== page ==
OK, Linux 2.4 can do serious enterprise computing lifting. With it, you can run up to 32 Pentium-class processors using symmetric multiprocessing (SMP). Come the day Itanium is really released, Linux will be the first operating system up and running on it, and you’ll be able to scale Itanium SMPs up to 64 processors.
The networking layer also is much more scalable, thanks to "wake-one" scheduling. That ensures that only one processor, instead of a gaggle of them, is listening for network traffic on one socket. Linux 2.4 has much better memory support, as well. Even 32-bit Intel processors running Linux 2.4 can address up to 64GB of memory. That’s not too shabby for all but the most-demanding database applications.
Some technical goodies are still absent. A journaling file system (JFS) is a necessity for an enterprise OS, and 2.4 doesn’t have one. But that’s a minor detail. Come 2.4.1, which probably will be out in February, you’ll be able to easily deploy the ReisterFS JFS.
So what’s Linux 2.4’s problem? While the Linux network operating system is second only to the Windows 2000/NT family on Intel processors, according to IDC, to make the next step forward, Linux needs nontechnology goodies to convince CIOs to take the Linux plunge.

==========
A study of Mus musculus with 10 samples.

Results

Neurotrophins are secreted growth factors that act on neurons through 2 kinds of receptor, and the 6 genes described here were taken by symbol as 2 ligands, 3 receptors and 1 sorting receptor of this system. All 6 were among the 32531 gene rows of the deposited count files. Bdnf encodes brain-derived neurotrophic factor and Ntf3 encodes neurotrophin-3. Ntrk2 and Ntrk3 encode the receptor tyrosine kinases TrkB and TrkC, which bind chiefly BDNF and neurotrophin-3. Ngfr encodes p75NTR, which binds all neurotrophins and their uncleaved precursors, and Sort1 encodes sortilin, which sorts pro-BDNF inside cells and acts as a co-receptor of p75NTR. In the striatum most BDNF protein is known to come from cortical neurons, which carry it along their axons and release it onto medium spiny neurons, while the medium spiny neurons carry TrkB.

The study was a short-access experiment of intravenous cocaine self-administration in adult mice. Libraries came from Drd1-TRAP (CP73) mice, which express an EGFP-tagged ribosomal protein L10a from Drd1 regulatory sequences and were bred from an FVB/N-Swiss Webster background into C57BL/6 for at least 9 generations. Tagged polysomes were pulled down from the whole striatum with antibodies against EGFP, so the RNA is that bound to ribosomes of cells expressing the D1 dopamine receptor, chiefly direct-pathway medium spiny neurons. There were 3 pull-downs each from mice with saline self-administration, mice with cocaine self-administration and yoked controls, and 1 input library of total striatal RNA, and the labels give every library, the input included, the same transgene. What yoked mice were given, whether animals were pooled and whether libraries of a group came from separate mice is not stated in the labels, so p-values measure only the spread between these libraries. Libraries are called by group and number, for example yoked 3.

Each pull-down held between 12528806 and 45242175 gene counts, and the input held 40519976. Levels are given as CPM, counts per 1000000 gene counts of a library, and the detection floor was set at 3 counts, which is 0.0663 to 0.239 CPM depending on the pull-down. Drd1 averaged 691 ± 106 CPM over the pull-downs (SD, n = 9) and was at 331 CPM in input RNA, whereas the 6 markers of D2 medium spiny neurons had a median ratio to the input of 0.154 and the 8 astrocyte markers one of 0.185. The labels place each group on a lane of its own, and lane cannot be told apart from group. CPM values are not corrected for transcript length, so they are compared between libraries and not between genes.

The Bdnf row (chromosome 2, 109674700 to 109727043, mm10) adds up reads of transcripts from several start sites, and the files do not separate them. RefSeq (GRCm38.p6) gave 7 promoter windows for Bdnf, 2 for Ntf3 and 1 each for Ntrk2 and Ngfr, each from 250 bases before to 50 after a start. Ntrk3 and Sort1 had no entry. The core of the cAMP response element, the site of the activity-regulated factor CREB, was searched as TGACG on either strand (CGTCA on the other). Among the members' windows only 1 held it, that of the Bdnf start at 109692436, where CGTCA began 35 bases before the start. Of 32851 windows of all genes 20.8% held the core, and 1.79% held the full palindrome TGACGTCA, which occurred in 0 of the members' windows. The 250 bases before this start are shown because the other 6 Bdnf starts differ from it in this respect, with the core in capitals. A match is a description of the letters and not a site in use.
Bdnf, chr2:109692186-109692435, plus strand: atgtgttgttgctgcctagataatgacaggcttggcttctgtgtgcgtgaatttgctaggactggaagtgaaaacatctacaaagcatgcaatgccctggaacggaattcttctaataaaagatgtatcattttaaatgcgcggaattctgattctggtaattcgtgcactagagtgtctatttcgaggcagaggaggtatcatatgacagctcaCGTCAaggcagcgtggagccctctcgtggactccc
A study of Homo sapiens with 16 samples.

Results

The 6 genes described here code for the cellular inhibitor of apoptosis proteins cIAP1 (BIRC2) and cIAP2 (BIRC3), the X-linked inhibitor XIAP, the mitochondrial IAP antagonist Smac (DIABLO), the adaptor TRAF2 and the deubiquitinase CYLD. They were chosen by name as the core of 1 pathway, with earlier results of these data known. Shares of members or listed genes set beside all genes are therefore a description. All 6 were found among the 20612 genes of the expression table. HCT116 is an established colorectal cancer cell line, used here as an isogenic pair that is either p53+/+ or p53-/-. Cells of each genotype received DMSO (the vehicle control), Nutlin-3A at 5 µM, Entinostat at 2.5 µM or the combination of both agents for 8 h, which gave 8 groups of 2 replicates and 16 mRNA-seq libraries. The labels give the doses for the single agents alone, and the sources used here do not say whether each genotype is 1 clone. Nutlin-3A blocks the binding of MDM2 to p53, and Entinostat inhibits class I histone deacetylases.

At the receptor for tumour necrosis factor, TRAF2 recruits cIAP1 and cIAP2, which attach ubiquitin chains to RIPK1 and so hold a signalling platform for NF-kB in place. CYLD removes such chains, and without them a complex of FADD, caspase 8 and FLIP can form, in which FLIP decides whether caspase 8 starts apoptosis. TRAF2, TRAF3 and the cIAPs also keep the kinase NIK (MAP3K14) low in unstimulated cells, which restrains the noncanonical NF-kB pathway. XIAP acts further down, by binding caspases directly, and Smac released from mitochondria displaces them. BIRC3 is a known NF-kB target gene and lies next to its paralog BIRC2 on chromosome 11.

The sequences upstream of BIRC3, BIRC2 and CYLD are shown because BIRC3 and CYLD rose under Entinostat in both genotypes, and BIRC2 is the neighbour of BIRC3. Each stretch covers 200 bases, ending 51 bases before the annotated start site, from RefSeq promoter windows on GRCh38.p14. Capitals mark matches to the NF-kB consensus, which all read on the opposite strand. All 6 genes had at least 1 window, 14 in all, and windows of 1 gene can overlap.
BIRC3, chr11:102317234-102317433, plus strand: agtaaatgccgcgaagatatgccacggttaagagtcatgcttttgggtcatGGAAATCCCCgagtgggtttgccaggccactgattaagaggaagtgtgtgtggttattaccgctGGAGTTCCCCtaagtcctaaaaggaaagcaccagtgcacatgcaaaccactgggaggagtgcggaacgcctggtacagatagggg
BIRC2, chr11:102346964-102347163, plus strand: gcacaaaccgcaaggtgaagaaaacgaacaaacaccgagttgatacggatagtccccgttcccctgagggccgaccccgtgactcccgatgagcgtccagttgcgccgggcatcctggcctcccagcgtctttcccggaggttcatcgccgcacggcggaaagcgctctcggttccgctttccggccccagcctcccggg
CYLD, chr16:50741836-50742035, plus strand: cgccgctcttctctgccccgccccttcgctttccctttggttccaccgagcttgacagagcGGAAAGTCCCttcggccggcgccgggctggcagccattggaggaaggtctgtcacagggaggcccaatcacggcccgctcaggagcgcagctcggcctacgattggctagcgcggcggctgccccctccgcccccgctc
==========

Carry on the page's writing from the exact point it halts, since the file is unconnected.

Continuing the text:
Here’s what I think Linux needs to enable you to make a real run for contracts currently going to W2K/NT integrators. First, you need to educate decision makers about Linux and open source. Too many senior IT folks still think of open source as this scary thing that may come back and bite them with licensing problems.
Next, Linux value-added distributors and ISVs need to stick to open source and the Linux Standard Base. If Linux starts forking, it’s back to the Unix wars of the last two decades, and the only winner there was Microsoft.
Lately I’ve begun to see signs that Linux vendors are getting more interested in proprietary Linux product add-ons. If that continues, we could see attempts to create proprietary Linux kernel programs and then Linux will be in a world of hurt.
Linux desperately needs serious management tools. Here, progress is being made. Caldera Systems’ Volution looks pretty darn good for managing multiple servers, in my tests. Linuxcare’s Linux Managed Services also looks like an excellent service play. Finally, there are too many Linux certifications.
Red Hat has one, the Linux Professional Institute has one, and several training companies are pushing out other certifications. Linux needs one solid certification path that will be as well-known as an MCSE or CCIE.
If it gets all of those pieces into place, Linux will step beyond being a big business to become a big business.